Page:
I do, however, remember feeling excited and a little apprehensive because as graduation day grew nearer I began to realize that the life that I had grown so accustomed to was about to change.
After high school graduation and our traditional Westside High senior party, all my friends would be going their separate ways.
No more drama club, no more cheerleading, no more Pizza Hut after the football games, no more first-period lunch, no more student government, no more home economics (OK, so maybe I don't exactly miss home ec but my mom still has the skirt I made all those years ago, only she thinks it's a dish warmer -- I don't really need to explain do I?), but most important, no more senior year.
I'm acutely aware that today's high school senior is probably drastically different from that of the high school graduating classes of the '80s. I mean, I certainly could not send text messages back then bidding everyone a farewell, or shoot them a note on Facebook and Twitter. Back then we wrote our parting remarks to our friends in our high school yearbook.
It's funny now to look back at the Westside High school gang yearbook; some things about the gang are not surprising, it's no surprise that Ronnie Wiggins is the principal at T.W. Josey, or that our class president, Mark Brucker, is a vet. I smile when I think about the antics of my dear friend, our Tax Commissioner Steven Kendricks back then ... Steven, Steven, Steven. The smartest girl in my high school class, Shelpa Patel, is now an internal medicine doctor, and looking back, I did think that Ashley Wright, although friendly, seemed to be generally deep in thought. She has a lot to think about these days as the city's district attorney. I could go on and on about the 1985 and 1986 graduating classes, but that would take a while, so I'll just take a senior hall pass this time.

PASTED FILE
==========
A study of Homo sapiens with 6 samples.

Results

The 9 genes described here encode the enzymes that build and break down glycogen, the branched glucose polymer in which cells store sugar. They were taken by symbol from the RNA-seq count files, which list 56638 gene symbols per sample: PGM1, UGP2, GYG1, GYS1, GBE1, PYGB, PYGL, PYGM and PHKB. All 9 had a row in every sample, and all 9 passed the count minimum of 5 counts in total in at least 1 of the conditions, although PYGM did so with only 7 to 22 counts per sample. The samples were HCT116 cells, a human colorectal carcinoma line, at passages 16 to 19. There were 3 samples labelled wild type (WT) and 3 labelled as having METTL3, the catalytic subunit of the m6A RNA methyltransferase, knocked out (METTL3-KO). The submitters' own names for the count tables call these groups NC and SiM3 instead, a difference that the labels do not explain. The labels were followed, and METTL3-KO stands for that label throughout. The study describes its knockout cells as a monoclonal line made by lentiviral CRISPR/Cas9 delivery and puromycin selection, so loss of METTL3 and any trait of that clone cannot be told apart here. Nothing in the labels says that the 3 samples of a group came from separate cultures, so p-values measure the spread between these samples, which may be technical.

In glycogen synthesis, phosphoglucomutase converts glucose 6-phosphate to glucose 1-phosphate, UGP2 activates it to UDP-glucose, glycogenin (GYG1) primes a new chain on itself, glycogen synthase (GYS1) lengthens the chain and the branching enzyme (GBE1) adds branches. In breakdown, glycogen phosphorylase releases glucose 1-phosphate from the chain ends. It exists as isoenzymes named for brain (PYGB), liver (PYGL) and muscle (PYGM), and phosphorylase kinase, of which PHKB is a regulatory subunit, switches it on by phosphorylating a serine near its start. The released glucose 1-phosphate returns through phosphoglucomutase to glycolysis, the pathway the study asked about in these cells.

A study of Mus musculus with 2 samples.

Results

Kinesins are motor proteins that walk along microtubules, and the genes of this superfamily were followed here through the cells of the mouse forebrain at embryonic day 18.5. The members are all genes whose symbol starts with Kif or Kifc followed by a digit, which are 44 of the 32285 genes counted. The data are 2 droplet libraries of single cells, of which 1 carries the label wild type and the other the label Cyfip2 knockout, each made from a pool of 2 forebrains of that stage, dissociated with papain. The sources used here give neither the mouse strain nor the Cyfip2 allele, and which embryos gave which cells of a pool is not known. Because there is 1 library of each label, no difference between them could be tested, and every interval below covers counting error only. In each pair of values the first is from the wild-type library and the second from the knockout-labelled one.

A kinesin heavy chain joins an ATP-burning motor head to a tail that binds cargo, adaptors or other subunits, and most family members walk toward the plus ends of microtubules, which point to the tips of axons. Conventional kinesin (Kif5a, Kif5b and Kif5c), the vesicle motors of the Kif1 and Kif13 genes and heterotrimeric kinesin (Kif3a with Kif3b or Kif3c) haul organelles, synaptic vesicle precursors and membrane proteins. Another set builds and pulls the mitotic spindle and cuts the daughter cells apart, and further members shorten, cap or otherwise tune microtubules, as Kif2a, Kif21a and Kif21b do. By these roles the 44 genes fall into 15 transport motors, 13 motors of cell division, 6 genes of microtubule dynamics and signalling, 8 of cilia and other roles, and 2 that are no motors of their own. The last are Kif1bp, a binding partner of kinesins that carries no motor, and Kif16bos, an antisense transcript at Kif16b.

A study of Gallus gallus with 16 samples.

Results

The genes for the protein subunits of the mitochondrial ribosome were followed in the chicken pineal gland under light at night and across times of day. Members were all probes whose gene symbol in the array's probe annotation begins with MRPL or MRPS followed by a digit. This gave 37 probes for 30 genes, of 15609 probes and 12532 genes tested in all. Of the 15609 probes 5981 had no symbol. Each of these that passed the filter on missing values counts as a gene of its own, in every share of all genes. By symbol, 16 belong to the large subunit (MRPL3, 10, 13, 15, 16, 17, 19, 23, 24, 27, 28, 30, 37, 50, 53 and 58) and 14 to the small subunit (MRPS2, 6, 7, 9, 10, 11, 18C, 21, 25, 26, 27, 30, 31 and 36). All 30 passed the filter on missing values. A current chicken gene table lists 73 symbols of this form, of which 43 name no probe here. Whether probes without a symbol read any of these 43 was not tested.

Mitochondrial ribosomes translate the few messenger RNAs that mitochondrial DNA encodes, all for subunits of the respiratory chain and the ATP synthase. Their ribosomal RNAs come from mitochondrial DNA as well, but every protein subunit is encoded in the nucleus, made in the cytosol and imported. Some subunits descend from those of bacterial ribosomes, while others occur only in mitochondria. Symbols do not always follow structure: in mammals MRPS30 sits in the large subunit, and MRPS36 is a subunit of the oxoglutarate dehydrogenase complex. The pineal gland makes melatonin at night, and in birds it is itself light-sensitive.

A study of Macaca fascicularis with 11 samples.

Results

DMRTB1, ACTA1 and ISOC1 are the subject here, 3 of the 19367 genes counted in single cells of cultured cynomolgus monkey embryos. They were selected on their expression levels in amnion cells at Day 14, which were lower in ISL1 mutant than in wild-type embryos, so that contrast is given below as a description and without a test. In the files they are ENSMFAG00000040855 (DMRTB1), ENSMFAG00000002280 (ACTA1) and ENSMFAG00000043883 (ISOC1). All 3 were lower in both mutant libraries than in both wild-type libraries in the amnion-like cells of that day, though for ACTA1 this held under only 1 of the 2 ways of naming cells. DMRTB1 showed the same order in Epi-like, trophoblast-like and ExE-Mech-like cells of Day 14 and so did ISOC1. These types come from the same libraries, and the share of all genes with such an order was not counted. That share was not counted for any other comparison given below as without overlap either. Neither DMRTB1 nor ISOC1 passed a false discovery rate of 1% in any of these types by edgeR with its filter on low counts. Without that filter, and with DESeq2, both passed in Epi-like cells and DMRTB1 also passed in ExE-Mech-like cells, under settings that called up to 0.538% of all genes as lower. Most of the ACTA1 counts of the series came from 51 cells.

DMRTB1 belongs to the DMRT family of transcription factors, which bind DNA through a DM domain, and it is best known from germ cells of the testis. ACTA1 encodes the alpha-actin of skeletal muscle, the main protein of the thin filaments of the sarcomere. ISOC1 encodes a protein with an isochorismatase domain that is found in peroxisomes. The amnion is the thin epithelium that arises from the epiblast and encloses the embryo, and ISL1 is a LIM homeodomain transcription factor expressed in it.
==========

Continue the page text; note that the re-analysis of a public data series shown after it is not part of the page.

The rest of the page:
Ahhh, yes the crazy '80s. I hope the graduating class of 2011 knows how exciting a time this is. I hope that they enjoy their friends and family this summer because next year will be a completely new adventure.
Twenty years from now, I wonder if they'll look back on their senior year and their classmates with a great deal of pride, a touch of nostalgia and a bit of amusement. I think they will.
I also think that despite technology and generation gaps, changes in fashion, music and even trends, living the high school senior life is a point of transition. Regardless of the generation, I know this: Enjoying your last summer as a high school senior is about having fun, saying farewell to your high school, having one last hooray with your good friends before you ride out on a new path and creating memories that will last you a lifetime.
Congratulations to the graduating class of 2011. Enjoy your summer!